Hi blog, Julianna here. This summer I’m working on a documentary film about my home state of Texas, hydraulic fracturing (“fracking”), a pipeline headed for the border, and whatever happens when it reaches Mexico. I began production this spring and was going full steam ahead until, uh, real life intervened.
One minute, you’re in your routine, caught up in the stuff of everyday life. Can I make it to the gym today? Why would a taco cost more than $3? What if I can’t get the rights to this footage? The next, you’re on a plane to a hospital 1,000 miles away.
Sometimes, something bad happens and it fades with time.
Sometimes, something bad happens and it draws a line through your life.
There is before
Before, I might have spent these 500 words on minutiae: a tough edit, playing phone tag with an activist, the self-imposed stress to achieve on a timeline. After? These things feel so small because they are small. (And, let’s be honest: would you want to read that blog post?)
Stills, L to R: “Southwestern States” (1953), “The Army-Navy Screen Magazine 51: Report from Texas” (1945), “Home on the Range” (1942), courtesy of Prelinger Archives and Internet Archive.
I spent a week in an aging leather armchair in an East Coast STICU and then, adamant to stay on track, I left to film. In the fracking fields of West Texas, roiled by catcalls and wilting in 110°F heat, I began to see that what I was doing – squeezing my new life into the void left by my old one – wasn’t working out.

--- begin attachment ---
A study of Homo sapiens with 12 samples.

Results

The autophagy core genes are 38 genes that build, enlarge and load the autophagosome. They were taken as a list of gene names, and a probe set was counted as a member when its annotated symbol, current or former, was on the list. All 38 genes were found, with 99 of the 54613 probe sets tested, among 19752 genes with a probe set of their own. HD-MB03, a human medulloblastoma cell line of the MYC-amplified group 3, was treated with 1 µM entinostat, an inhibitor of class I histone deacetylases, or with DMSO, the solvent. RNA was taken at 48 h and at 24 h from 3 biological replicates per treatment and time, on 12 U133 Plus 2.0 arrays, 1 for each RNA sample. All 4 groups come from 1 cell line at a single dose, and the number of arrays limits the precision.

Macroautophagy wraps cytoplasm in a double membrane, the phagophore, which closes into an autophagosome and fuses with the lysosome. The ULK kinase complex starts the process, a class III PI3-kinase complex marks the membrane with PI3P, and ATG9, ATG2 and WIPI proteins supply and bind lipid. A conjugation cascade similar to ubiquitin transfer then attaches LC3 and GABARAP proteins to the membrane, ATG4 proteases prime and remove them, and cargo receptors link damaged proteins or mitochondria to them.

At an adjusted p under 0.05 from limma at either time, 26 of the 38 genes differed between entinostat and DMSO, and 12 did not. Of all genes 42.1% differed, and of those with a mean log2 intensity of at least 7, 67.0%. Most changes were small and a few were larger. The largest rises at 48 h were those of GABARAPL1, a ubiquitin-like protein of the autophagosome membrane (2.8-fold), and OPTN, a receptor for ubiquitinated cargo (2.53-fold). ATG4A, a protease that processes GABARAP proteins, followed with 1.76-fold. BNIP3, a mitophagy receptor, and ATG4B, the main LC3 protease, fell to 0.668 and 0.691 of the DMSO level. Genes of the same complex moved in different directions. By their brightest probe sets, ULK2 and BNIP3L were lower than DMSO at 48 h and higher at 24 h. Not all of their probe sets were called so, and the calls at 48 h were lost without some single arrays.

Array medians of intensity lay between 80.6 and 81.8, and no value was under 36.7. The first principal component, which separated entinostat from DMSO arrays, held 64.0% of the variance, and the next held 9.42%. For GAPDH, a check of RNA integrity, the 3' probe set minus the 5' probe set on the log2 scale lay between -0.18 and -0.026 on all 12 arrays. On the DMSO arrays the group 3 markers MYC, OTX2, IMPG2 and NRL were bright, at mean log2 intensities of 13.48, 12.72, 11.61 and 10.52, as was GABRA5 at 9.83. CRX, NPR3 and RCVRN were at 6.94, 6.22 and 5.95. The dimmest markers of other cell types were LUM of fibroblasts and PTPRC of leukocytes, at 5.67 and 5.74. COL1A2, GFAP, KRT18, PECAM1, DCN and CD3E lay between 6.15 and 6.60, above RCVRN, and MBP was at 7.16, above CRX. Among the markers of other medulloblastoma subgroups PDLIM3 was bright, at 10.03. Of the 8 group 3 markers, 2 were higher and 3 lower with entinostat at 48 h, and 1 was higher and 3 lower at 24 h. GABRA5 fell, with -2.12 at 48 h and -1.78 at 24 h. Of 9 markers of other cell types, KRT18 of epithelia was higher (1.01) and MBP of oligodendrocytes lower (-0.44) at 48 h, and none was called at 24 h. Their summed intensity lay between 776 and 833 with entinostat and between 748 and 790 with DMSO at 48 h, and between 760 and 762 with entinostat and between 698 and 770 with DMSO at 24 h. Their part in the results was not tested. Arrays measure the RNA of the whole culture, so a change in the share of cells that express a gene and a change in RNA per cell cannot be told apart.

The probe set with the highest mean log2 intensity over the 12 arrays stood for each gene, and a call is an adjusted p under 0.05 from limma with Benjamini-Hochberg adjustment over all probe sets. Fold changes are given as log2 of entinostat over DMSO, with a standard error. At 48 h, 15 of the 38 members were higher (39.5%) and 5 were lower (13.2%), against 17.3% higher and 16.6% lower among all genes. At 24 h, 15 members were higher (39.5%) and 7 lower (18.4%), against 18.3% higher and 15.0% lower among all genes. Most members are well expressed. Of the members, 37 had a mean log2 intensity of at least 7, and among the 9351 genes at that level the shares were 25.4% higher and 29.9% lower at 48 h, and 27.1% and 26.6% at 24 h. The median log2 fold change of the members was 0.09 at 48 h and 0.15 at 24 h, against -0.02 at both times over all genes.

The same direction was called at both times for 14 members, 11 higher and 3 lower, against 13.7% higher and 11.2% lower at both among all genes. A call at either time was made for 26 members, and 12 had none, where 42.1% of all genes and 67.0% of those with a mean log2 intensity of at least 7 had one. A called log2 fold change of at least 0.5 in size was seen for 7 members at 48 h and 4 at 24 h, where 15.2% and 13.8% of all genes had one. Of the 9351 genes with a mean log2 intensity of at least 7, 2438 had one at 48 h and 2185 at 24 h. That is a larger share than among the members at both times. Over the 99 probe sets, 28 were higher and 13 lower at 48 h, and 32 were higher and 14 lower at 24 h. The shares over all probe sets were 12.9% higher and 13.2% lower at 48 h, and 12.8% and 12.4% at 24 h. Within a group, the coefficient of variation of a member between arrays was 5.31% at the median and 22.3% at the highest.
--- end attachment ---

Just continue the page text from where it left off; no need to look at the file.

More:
As an aside: 110°F is astonishingly hot! It’s so hot that I wasn’t sure if my camera would work. (The operating temperature range of my Canon C100 is, roughly, 23°F to 113°F.) While I hope to not feel it again soon, the fact of the matter is that it will get hotter. Surrounded by pumpjacks, gas flares, and tankers barreling down Farm-to-Market roads, the Anthropocene was undeniable. Here, I was a witness to why the world as we know it is changing, and… it pushed me over the edge.
I got in my car and yelled I DON’T NEED THIS RIGHT NOW! Then I drove the 1,200 miles back to Iowa.
Stills, L to R: Boomtown traffic at the lone gas station in Coyanosa, Texas.
The bad: I can’t edit my own footage this summer.
The good: because of the flexible nature of digital work, there’s still a lot I can do!
With the help of satellite imagery applications like Google Earth Pro, I’ve been exploring remote areas in West Texas and restricted places like gas plants and shale plays. To contrast past and present relationships with oil, I’ve been combing through news archives and pulling from public domain films.
Stills, L to R: Google Street View as featured in my film; “Our Texas Heritage” (1963), courtesy of Prelinger Archives.
Though my film isn’t turning out how I thought, it’s okay: it’s becoming something else. Films aren’t made in a vacuum, and I believe that crisis and chaos can be turned into meaningful work.